Andrew Tallman

Where do you find the largest, most intrusive and liberty-violating form of government?

You may be tempted to answer North Korea, Cuba or (possibly) San Francisco, but none of these answers is correct. The most totalitarian forms of government are found in two much less exotic places: prisons and nurseries.

Say whatever you will about any despotic government on earth, even in their wildest dreams they can only fantasize about having the sort of control wardens and mothers exert routinely. To put the matter another way, what convict (or toddler) doesn’t dream of acquiring the sort of freedom experienced by ordinary citizens in Burma or Iran? But if, as we’ve often been told, totalitarianism is so intrinsically evil, why do we embrace it in these situations?

The answer is obvious.

In the nursery, a child is incompetent and must be constantly shepherded away from self-destruction. This entails controls of every sort. He is told what to eat, when to sleep, and with whom to associate. He is subject to corporal discipline (depending on his age) and is continuously told what he will and will not be doing with his life. When his pursuit of happiness conflicts with his mother’s agenda, she regularly violates it … as has every parent since the dawn of reproduction.

In jail, a convict is not so much incompetent (although it may be so) as immoral. He is more incapacitated than shepherded, depending on the goals of the particular prison system. Like an infant, however, he is told what to eat, when to sleep, and with whom to associate. He may not be subject to corporal punishment, but restraint and harsher flavors of confinement are certainly common possibilities for misbehavior. Again, his ideals about the pursuit of happiness are never paramount and are violated on almost every level.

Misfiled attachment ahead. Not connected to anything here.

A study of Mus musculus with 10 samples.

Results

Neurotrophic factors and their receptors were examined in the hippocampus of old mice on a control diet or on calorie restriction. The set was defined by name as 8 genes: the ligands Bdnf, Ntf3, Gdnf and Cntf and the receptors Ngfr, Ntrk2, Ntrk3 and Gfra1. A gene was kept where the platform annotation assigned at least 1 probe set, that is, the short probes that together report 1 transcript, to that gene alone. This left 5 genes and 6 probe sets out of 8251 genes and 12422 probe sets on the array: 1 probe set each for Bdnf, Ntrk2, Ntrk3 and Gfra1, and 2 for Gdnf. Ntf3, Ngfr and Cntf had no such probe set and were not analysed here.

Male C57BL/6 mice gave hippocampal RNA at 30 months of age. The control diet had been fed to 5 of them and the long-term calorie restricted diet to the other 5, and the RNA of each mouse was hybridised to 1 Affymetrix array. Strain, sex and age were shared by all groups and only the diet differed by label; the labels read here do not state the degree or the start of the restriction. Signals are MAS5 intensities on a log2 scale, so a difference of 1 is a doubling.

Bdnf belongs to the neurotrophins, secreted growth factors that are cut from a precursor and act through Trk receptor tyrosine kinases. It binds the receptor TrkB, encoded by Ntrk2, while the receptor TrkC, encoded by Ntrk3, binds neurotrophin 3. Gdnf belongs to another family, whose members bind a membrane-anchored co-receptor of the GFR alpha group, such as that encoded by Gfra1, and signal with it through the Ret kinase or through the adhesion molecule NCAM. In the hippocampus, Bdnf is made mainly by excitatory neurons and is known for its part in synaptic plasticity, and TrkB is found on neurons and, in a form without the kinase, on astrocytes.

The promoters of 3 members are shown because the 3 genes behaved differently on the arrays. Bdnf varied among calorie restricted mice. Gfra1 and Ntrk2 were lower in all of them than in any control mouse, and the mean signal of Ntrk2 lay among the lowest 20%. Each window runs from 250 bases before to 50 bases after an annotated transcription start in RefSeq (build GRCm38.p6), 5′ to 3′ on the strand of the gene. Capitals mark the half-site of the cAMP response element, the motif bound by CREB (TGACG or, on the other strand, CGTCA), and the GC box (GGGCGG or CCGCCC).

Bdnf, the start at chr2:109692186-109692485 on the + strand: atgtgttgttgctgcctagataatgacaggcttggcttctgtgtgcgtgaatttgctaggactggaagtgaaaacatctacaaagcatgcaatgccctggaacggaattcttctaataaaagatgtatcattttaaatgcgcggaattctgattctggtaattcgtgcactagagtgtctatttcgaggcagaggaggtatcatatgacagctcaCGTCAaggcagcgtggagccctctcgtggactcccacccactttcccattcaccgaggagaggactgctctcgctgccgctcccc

So this prepares us for an important question about both of these most intrusively-governed municipalities: would either of them function better with less oversight? Although there may be particular ways in which a specific jail or nursery’s governance might need tinkering, the general premise that both demand highly regulated environments is undeniable.

But since it has become fashionable for libertarians and (sadly) conservatives to say that reducing the size of government is always a good to be sought in itself, I thought it might be useful to see whether this is so. And as these two rather extreme cases clearly demonstrate, shrinking the scope or intrusiveness of government must at best be a contextual goal, not a universal principle.

Andrew Tallman

Andrew Tallman is host of The Andrew Tallman Show on AM 1360 KPXQ from 5-7PM weekdays in Phoenix, AZ.